Cowboys and royalty were on hand as infrastructure, capital improvements and area watershed planning were the focus of Wednesday night’s Price City Council meeting.
With Wayne Clausing acting mayor pro tempore for the meeting, the council approved the Carbon Rodeo Club’s request for $500 in funding to help with its annual rodeo on April 11. Club representative Zach Jensen said that this event brings in participants and their families from all over the state. Because the fairgrounds have the only facilities that can house horses and trailers overnight, most will stay in Price and that will benefit the area.
Miss Carbon County Brielle Bogdin also addressed the council to speak about her platform. She is focusing on gun safety and will be using National Riffle Association material featuring Eagle Eddie to help educate local youth.
Wade Williams from City Sanitation gave the council a heads up that there will be an increase in garbage collection fees due to a 4% raise for ECDC tippage fees, which was recently approved by the Carbon County Commission. He explained that amounts to nine cents per customer for each bin they have.
Debbie Marvidakis from Southeastern Utah Health District addressed the council about the Kick Ash 5/10k Run and Walk on March 22. She said that the 10K course will be different this year, but she has been working with Tom Stefanoff from the sheriff’s office to assure the safety of the course.
Scott Merrill was on hand to inform the council of the Lunatic Triathlon coming in June. The course will remain the same as last year, but a free children’s triathlon has been added.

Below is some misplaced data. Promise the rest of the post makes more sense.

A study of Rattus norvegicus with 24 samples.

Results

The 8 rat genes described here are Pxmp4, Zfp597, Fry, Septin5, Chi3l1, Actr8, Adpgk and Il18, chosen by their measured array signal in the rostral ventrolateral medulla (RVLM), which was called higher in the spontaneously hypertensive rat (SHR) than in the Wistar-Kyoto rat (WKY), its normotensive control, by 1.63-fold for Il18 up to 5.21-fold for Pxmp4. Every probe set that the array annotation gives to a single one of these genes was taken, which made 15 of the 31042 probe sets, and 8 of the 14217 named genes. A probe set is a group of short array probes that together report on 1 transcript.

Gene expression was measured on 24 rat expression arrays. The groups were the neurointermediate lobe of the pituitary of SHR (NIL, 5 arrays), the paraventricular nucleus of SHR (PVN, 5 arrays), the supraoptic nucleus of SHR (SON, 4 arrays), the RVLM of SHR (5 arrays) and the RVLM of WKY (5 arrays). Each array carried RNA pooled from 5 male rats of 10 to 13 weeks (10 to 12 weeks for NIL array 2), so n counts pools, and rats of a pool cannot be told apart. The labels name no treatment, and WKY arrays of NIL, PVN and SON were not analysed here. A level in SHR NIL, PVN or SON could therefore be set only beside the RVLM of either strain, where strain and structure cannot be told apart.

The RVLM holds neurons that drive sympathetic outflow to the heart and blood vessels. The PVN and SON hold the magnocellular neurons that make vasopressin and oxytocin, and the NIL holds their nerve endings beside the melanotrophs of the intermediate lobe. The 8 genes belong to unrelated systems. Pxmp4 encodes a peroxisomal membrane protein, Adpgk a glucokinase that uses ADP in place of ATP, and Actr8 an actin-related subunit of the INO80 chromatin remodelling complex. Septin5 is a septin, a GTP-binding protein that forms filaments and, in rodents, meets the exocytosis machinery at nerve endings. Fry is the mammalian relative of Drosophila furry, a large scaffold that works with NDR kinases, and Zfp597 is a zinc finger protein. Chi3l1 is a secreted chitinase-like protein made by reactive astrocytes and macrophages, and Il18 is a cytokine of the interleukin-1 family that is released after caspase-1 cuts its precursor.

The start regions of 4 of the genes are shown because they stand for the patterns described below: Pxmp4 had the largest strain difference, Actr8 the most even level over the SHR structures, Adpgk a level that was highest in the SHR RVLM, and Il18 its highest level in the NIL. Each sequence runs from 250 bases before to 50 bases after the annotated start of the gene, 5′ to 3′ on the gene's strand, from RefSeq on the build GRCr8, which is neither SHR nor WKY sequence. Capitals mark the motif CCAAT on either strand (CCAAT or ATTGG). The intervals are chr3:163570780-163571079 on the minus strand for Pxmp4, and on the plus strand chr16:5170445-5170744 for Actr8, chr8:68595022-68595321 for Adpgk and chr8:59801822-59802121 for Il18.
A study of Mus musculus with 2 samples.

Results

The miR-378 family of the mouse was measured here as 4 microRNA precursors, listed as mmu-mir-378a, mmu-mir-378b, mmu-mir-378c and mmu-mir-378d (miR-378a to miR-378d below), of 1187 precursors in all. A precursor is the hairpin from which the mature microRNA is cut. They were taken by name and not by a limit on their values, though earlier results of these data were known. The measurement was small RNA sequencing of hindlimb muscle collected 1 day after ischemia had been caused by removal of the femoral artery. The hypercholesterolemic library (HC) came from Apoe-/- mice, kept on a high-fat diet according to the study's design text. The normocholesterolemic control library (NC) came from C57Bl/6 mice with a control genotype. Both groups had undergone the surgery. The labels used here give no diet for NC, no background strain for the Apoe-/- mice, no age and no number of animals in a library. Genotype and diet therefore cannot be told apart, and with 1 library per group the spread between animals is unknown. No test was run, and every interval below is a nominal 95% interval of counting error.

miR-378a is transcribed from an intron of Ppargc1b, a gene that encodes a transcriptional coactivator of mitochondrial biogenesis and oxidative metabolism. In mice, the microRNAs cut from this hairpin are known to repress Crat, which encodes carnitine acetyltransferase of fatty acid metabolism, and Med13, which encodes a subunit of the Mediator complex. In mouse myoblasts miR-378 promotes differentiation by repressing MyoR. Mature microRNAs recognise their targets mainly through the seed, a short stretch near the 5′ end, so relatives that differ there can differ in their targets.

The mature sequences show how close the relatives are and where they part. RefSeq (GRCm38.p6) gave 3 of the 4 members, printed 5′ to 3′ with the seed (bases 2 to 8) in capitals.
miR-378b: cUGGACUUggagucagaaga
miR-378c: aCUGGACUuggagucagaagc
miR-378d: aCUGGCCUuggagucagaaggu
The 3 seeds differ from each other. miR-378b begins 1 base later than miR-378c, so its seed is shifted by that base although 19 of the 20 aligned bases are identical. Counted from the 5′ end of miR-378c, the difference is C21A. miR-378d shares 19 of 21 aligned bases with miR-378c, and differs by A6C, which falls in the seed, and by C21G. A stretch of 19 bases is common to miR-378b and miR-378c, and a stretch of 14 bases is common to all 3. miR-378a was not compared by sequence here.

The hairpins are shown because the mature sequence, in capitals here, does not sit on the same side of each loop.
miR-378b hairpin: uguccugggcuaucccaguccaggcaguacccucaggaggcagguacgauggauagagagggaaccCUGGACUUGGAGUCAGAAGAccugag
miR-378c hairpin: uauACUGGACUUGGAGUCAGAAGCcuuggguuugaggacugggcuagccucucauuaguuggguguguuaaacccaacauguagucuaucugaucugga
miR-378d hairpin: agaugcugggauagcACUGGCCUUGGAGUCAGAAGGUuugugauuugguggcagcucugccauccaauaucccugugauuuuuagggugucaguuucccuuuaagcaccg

Much of the remainder of the meeting involved the review of several master plans that affect the future of the area. Russell Seeley went over the Price River Watershed Plan. This document will help the city and surrounding areas address issues and concerns with maintaining a healthy watershed in the area. One item that raised interest is the possibility of lower elevation reservoirs to help with flood control and water storage.
Seeley, who was recognized earlier in the night for his five years of service with Price City, also presented a master assessment development that his department compiled. Information from all the master plans are represented. The assessment boils this down into a priority list for taking care of waterline, sewer lines and road replacement.
Using an algorithm that the team developed, the list of streets scheduled for work over the next year had been targeted. Near the top of the list is 400 East, which is near the college and high school. This road recently had its water line replaced, but still needs a new sewer line. Once this is complete, a new top coat will be done to repair the ruts and potholes that currently plague the roadway.
Five other road sections were also identified for infrastructure repair and road surfacing. Sections of 100 South, 200 West and 400 South are all on the list.
The assessment stays within the $500,000 budget allowed. $67 million would be needed to fix all streets and infrastructure within Price City. The city is looking to make the repairs in a manageable and fiscally sound way.
A public meeting was held to go over the Capital Improvements Budget for 2014-15. Nick Tatton went over items on the budget. Roads and infrastructure projects were top on the list. Two police cars will be purchased as well as replacements for a few other city vehicles. Tatton explained that a vehicle is retired or sold for surplus when a new one is purchased. He also explained that the city has held off on replacing many of the vehicles, but it is time to deal with the issue.
Public works director Gary Sonntag said the latest storms contained much needed moisture and the water content in the snow is 9-10 inches. Several more storms are needed to help fill Scofield Reservoir this spring.